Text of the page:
Tuesday, February 15, 2011

General Cleaning of the Mini-Crab Dolly

Like all production equipment, the Mini-Crab should be no exception, it should be wiped down, cleaned and checked after each use. We use a detail cleaner made by Turtle Wax (shown) to clean the deck, push bar and tires. We then do a visual check on all moving parts to insure they are tightened and properly functioning.
Aside from cleaning the deck, we'll wipe down all 8 tires, which incidentally, our dolly needed recently due to the fact we had to briefly push the dolly on a 'salted' sidewalk. This was to get it from the drop-off point and into the building we were dolly-gripping in.

As you can see, the rubberized deck of the Mini-Crab cleans very well, maintains the original luster and looks like new...not so bad for a 40-plus year old dolly!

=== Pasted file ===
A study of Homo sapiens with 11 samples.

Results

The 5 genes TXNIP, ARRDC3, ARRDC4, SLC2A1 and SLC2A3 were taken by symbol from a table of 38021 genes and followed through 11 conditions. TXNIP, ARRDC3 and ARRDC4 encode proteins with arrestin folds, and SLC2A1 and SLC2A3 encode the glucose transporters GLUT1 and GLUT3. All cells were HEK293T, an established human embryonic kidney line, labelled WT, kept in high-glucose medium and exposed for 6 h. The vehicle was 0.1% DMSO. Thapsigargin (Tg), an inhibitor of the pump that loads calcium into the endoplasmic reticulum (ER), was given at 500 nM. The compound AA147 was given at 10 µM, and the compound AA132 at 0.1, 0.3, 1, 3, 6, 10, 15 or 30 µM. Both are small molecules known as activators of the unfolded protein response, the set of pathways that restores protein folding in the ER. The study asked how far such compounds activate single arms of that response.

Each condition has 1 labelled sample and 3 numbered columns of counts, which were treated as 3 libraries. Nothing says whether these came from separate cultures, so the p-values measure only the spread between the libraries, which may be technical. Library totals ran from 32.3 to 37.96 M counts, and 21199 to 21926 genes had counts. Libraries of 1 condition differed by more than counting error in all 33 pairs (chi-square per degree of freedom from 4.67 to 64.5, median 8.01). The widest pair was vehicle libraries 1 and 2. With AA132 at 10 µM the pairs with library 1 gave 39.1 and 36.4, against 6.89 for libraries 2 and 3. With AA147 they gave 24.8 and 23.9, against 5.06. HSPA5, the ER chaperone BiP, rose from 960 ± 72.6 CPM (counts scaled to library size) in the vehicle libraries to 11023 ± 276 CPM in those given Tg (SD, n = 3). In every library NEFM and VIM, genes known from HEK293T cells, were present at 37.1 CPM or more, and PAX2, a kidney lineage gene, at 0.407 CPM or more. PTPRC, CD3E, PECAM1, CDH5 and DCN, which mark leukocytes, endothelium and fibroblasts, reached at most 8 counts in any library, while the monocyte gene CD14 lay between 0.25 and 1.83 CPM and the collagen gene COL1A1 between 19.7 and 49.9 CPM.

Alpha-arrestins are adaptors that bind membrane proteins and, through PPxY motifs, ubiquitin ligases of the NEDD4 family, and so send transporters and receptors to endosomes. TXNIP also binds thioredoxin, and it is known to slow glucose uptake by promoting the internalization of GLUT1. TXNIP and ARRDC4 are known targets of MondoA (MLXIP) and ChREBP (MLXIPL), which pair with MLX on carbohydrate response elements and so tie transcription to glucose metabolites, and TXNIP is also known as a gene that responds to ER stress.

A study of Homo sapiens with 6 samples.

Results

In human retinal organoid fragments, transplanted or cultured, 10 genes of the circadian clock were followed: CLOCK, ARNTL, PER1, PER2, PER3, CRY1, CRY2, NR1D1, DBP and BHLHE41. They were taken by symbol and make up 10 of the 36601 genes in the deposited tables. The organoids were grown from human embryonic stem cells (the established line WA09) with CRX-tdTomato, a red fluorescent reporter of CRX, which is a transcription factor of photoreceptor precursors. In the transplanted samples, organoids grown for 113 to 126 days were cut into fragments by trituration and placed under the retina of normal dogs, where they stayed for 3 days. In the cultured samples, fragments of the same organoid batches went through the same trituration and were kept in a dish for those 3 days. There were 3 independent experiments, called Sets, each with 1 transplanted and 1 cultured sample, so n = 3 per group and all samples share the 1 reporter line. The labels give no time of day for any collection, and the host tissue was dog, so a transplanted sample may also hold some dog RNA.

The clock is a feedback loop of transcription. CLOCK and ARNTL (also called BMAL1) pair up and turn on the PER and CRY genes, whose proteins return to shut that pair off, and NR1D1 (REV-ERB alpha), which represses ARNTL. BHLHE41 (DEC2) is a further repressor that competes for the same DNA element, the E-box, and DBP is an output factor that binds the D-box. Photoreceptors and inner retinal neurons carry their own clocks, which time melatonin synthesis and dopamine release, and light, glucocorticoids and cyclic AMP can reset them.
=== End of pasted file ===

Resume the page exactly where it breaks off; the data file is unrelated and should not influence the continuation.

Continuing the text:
Once we've cleaned and checked #157, we'll put the cover on it to keep the dust off. Mini-Crab #157 is now ready for its next assignment.

Many people have repainted their dollies to modernize and freshen them up. In fact, it's hard to find a Mini-Crab that has not been repainted.
We've chosen to keep our dolly in its original condition with its factory trademark 'ColorTran-Blue' paint finish intact. It's a little scuffed up, but not too bad considering its age. Some Mini-Crab owners have done an awesome job sanding and repainting their dollies making them look good as new.

Given the fact that #157 was once owned by Academy Award winning filmmaker, David L. Wolper, (first owner of #157) tells me it would be best to keep the 'pedigreed' dolly in its original condition. More to come...in a future posting about #157's previous owners including the late and great, Mr. Wolper.